Phil Mickelson has risen on a Sunday morning here, drawn in his first breath of the day, and all but smelled the hem of a green jacket waiting for him as the light finally fades over Augusta National Golf Club. Nowhere is he more comfortable. Nowhere is he more confident. Nowhere does he relish every shot, every stride, than he does right here.

For Peter Hanson, such notions and feelings are dreams. “It’s a new situation to me,” he said Saturday. He has played the Masters once before, a year ago. By Friday afternoon, he was rearranging his flights, heading home. He missed the cut.

But after a typically frenzied Saturday at the Masters sorted itself out — and that took some doing, because at least seven different players had, at one point, at least a share of the lead — that’s who was left. Mickelson, the three-time Masters champion, shot a third-round 66 to get to 8 under par for the tournament. He will chase Hanson, the Swede who has only once finished in the top 10 at a major but who posted a sterling 65 Saturday to get to 9-under 207.

It all left them in two decidedly different places: comfort and consternation.

“It’s going to be tough,” Hanson said. “I’ve been up on the leader board a few times, but I’ve never led in anything like this.”

How to spend those morning hours? What to eat for breakfast? How to change your routine? Mickelson knows it all. His Saturday — a round in which he opened with nine straight pars, then shot a Mickelson-esque 30 on the back — only means something if he follows it Sunday.

“As great and as fun a round as this was,” he said, “it just makes it possible to have something really special tomorrow.”

They are not the only two who have the chance to win, and at various points Saturday, it was impossible to discern a favorite. The cast of characters who held at least a share of the lead Saturday, in order of appearance: Fred Couples, Jason Dufner, Lee Westwood, Matt Kuchar, Louis Oosthuizen, Mickelson and Hanson. By Saturday’s end, eight players were within five shots of Hanson’s lead, theoretically with excellent opportunities. Oosthuizen’s 69 left him two back at 7 under, Watson’s 70 put him another shot back, Kuchar’s 70 a shot after that.

“In the back of your mind,” Watson said, “you know it’s doable.”

Yet there was one looming figure, only one player in the top 10 who has won here before. When dawn breaks Sunday, Mickelson will serve as the dominant presence — particularly here.

“You only have to look at the way Phil has won some of his majors,” said three-time major champion Padraig Harrington, in the group at 4 under. “You’ve got to take on golf shots. Fortune favors the brave, at times, here.”

At Augusta, there is none braver, none bolder than Mickelson. On Thursday, he was 4 over through 10 holes, coming off a triple bogey, and the week could have been lost. Instead, he salvaged it, grinding out a 74. When putts didn’t fall on the front side Saturday, he shrugged it off, and used birdies at 10 and 12 to pull within two of the lead, then shared by Kuchar and Oosthuizen.

No hole at Augusta is better suited for Mickelson than the dogleg left, par-5 13th. After a splendid drive, he had 206 yards to the flag. His crisp 6-iron left him 35 feet left of the flag for eagle, and a share of the lead.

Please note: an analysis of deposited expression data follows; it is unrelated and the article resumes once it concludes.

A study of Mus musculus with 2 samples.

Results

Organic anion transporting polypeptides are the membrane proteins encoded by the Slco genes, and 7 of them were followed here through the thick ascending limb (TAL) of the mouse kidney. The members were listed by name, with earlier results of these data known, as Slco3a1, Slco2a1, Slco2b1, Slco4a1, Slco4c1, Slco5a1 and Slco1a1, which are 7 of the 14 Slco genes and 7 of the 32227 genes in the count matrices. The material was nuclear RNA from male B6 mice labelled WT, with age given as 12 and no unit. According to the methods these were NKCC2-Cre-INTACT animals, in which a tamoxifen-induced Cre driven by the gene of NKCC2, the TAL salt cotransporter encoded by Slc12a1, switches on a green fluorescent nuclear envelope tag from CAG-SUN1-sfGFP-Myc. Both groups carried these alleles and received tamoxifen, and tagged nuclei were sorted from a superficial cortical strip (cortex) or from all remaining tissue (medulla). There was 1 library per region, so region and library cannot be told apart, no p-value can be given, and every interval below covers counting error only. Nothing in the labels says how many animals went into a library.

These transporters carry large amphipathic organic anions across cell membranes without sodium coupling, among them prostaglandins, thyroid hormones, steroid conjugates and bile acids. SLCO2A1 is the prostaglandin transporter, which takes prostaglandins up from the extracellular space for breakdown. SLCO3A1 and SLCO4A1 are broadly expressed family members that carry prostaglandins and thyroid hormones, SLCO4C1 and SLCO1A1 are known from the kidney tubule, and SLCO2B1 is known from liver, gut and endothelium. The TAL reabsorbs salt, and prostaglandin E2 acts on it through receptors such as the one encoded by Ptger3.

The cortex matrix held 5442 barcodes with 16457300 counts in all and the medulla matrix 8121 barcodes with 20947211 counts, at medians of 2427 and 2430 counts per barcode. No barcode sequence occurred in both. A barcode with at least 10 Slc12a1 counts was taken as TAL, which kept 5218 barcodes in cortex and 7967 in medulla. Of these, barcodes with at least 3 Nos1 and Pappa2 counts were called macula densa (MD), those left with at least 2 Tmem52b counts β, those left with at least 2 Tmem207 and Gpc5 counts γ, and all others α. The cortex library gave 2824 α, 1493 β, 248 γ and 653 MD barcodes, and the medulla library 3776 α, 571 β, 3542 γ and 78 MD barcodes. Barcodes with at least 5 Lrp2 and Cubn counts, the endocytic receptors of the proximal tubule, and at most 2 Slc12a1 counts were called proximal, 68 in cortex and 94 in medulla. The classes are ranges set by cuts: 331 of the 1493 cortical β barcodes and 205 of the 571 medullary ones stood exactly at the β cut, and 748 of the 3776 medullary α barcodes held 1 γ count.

“I’ve hit that putt so many times,” he said.

He knew, then, to give it a little extra up the hill. He knew, too, that it would come back right, just a hair. When it settled gently over the lip, the roar told Hanson in the group ahead — indeed, it told everyone on the grounds — what was up. For the first time, Mickelson shared the lead.

“That’s the back nine at Augusta in a nutshell right there,” said Hunter Mahan, also at 4 under. “You can be kind of hanging in there, kind of just 2 under, he’s probably in 13th place or whatever, and then all of a sudden has a good stretch there and he’s in first. That’s very Phil and that’s very Augusta.”

More Phil: his third shot at the par-5 15th, from behind the green. He pulled a 64-degree wedge. Mis-hit it, and it could end up directly in the water on the other side of the green. Yet he cranked up a full swing.

“It wasn’t the safest shot,” he said. But it traveled further skyward than it did across the earth, and settled softly, six feet from the pin. The resulting birdie brought another explosion.

“The crowds are so much behind Phil,” Hanson said. Yet the 34-year-old Swede stood steadfast. He birdied 14 and 15, then snaked a 40-foot birdie putt across 17 to get to 8 under, alone in the lead. At 18, he blistered a 207-yard 6-iron up the hill to a foot — maybe — for the birdie that earned him a standing ovation.

“It’s very difficult to try to follow those kind of birdies,” Mickelson said, “when you’re watching it right in front of you.”

Yet Mickelson did. In one sense, it’s because he executed, and his final swing was a masterful draw with a 7-iron at 18, setting up his last birdie. But in another, it’s because when he rises in Augusta, the feelings are so positive, so pure.

“I love it here,” Mickelson said. “And I love nothing more than being in the last group on Sunday at the Masters. It’s the greatest thing in professional golf.”

Other than, of course, winning. Both feelings, for Mickelson, are so familiar. For Hanson, for Oosthuizen — for Watson and Kuchar and Harrington and Mahan — they are almost foreign concepts at Augusta.

“He would be the big-time favorite to win,” Hanson said.

On another Sunday morning at another Masters, that is Mickelson’s position. He will, in so many ways, embrace it like he embraces nothing else.